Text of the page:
As Wilkinson and Friendly note in their American Statistician paper on The History of the Cluster Heat Map, “a heat map is a visual reflection of a statistical model.” Consequently, the __unordered__ data matrix and its accompanying heat map provide little assistance when searching for structure. Nor will any reordering do, only one that reflects the data generation process. The underlying pattern in the data is discoverable only when we have rearranged the rows and columns in a manner consistent with the processes that produced our data in first place. Jacques Bertin is a bit more poetic, “A graphic is not ‘drawn’ once and for all; it is ‘constructed’ and reconstructed until it reveals all the relationships constituted by the interplay of the data.”

To get more specific, let us look at a heat map from a simulated data matrix with 150 respondents rating on a nine-point scale how much they agreed with each of eight attitude statements measuring their willingness to adopt cloud computing technology.

This is cluster heat map with yellow indicating higher agreement and red showing the lower end of the same scale. Both the rows and the columns have been ordered by separate hierarchical cluster analyses. It appears that the columns are divided between the four positive attitudes toward cloud computing on the left and the four negative statements on the right. The rows are also ordered. The first 50 respondents give cloud computing a “thumbs-down” by endorsing the negative statements and rejecting the positive ones. The reverse is true for the last 50 respondents. Those in middle are redder than the other respondents, suggesting that they might be more ambivalent or simply less informed. It seems that the heat map can reveal the presence of well-separated clusters when we reorder the rows and columns to reflect that clustering. Here is the same heat map with random sorting of the rows and columns.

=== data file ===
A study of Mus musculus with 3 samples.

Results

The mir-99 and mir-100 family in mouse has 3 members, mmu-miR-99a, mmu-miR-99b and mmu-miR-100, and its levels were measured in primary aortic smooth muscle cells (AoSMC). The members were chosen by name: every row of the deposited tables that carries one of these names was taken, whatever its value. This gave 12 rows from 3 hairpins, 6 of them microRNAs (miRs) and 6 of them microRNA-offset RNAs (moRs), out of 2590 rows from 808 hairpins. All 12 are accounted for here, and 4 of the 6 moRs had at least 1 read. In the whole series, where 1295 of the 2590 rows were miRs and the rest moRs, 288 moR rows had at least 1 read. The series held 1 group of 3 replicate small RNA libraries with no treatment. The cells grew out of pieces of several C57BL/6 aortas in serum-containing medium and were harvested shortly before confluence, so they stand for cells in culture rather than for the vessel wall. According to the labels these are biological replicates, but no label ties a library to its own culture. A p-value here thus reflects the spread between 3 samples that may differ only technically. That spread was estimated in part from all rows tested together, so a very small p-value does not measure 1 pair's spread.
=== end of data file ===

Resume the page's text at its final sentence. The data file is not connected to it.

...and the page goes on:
The difference between these two heat maps is not that one is ordered and the other is not. There are forces at work in the data matrix creating differences across both the respondents (rows) and the variables (columns). The row dendrogram works because we have three clusters or segments of respondents, each with a unique pattern of attitude ratings. Similarly, the factor structure underlying the eight ratings is mirrored in the column dendrogram. Little would have been revealed had the sorting not been based on a statistical model that captured these forces.

Perhaps it would help if we looked at another example with a different underlying structure. Below, Wilkinson and Friendly show a binary data matrix display with several different settlements as the rows. They have noted when each settlement offered each of the functions listed in the columns by darkening the cell.